After gold was discovered in Deadwood Gulch in 1875, commercial buildings were quickly erected on the flat land along Main Street, leaving the hillsides above as the only area for residential development. The first houses in Deadwood were built on the slope directly over Main Street in the spring of 1876. The neighborhood soon became known as Forest Hill. Williams Street was the first street to be built, followed by Centennial Avenue, which was named for the nation's centennial celebration on July 4, 1876.
The entire neighborhood had only one access to the rest of the town: Shine Street, a name local legend says evolved from "Cheyenne Street" uttered with a regional drawl. Shine Street remains the primary road into Forest Hill.
Since Forest Hill had a commanding view of the city and was close to Main Street, it became Deadwood's most fashionable neighborhood. W.E Adams, Mike Russell (who entertained Buffalo Bill in his home), Judge Granville Bennett and Badger Clark (South Dakota's poet laureate) were among its more notable residents. Most of the neighborhood burned in the Fire of 1879, although some homes survived. The house at 402 Williams was built before the spring of 1877, making it one of the oldest buildings in Deadwood.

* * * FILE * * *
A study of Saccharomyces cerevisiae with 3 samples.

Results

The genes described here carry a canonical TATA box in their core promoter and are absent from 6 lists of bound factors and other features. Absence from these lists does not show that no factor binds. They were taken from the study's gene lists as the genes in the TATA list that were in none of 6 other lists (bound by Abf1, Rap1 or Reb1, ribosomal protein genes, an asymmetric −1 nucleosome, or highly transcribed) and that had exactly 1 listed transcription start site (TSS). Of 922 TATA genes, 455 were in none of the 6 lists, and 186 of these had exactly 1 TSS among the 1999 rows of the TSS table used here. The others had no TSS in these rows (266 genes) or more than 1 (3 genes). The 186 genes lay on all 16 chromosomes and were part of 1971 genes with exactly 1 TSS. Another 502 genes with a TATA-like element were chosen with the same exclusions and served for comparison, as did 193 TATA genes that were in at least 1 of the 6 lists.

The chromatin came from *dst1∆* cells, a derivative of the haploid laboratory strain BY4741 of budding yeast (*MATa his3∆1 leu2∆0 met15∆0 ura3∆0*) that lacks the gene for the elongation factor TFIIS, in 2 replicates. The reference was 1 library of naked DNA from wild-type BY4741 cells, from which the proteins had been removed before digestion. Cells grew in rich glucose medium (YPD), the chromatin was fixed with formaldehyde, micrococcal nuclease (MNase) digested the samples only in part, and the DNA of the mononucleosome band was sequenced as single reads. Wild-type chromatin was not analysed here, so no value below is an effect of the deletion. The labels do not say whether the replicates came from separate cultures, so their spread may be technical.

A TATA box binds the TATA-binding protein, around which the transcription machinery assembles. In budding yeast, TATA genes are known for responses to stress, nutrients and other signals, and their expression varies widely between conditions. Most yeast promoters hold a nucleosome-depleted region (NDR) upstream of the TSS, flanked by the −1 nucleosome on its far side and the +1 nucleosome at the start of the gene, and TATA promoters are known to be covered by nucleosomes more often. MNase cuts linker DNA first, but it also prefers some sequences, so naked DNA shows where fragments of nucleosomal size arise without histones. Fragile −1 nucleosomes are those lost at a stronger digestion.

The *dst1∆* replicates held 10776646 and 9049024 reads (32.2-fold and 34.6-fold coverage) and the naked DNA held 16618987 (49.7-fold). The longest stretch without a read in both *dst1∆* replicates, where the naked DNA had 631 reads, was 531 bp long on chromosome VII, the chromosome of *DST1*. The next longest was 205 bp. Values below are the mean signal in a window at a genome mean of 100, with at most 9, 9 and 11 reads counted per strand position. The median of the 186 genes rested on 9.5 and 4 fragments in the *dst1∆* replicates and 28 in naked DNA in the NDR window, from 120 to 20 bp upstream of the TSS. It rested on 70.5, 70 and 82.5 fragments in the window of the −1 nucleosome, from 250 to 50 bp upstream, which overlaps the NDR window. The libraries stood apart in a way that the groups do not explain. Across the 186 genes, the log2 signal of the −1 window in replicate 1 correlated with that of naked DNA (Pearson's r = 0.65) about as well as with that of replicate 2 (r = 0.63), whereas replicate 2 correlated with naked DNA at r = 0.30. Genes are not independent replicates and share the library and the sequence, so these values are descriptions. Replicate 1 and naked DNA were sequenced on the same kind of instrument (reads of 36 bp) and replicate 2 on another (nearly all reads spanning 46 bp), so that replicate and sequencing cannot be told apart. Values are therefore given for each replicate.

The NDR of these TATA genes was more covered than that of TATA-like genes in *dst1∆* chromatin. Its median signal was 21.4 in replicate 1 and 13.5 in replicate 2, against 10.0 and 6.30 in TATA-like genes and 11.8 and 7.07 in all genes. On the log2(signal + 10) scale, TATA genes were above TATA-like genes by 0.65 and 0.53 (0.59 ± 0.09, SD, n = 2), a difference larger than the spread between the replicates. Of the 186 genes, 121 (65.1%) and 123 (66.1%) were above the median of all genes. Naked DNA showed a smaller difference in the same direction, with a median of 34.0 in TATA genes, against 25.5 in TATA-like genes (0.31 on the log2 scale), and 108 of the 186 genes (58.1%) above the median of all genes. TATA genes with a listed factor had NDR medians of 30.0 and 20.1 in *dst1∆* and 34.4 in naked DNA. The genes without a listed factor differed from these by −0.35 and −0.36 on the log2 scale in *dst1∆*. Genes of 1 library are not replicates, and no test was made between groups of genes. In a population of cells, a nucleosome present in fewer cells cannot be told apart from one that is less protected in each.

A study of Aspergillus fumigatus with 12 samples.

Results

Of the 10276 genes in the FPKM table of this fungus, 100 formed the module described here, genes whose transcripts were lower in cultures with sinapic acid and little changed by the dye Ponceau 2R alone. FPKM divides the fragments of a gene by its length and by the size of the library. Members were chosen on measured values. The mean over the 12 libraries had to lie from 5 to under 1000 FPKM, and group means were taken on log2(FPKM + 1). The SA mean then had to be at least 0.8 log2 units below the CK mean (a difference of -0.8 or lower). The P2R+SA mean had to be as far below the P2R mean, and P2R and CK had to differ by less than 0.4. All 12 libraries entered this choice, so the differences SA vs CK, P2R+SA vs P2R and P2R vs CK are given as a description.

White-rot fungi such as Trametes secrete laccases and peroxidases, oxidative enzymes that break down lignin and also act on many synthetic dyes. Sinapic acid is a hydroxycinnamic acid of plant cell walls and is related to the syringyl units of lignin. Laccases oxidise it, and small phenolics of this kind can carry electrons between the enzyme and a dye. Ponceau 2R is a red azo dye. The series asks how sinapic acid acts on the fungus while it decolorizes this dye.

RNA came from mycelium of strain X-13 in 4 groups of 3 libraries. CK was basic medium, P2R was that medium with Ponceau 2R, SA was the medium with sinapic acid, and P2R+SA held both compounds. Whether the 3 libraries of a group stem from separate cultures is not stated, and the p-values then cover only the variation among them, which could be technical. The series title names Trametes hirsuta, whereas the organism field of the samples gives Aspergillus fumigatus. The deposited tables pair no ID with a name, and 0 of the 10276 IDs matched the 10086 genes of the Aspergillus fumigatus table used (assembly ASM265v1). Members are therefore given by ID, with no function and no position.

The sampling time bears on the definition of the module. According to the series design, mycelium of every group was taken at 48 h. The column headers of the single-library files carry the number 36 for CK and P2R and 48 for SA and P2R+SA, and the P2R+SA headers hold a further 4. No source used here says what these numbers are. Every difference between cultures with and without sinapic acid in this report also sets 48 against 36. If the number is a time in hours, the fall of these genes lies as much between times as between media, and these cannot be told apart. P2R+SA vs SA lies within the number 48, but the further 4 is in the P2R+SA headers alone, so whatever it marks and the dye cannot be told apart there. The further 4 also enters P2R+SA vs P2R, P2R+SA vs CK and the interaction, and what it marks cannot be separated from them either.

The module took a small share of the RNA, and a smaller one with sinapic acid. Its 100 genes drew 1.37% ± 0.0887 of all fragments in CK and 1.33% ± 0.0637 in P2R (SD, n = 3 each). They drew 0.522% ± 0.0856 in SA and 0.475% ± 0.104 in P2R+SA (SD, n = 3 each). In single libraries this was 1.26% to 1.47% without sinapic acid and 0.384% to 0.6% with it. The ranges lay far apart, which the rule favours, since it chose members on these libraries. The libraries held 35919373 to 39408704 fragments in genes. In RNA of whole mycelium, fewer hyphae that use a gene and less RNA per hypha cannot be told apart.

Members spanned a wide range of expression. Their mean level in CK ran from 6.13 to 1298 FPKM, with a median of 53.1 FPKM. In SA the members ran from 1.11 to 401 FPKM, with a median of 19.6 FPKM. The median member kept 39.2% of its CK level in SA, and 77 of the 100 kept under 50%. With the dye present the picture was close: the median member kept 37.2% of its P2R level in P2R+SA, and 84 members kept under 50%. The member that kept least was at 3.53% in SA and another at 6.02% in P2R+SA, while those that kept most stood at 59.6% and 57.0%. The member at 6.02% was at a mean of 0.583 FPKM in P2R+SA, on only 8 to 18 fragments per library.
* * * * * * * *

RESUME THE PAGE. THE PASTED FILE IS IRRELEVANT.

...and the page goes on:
The noise of the town below was a constant headache for Forest Hill residents. Estelline Bennet, author of the book "Old Deadwood Days," recalled listening to the bands playing in front of the Gem Theater from her house. Calamity Jane, literally roaring drunk, woke her one night from a sound sleep.
Hill has seen much restoration since the legalization of gambling in 1989. The 1904 Carnegie Library and the 1892 Gilmore Hotel (now apartments) have both been renovated. Retaining walls are continually repaired and replaced, although rock slides happen with some regularity.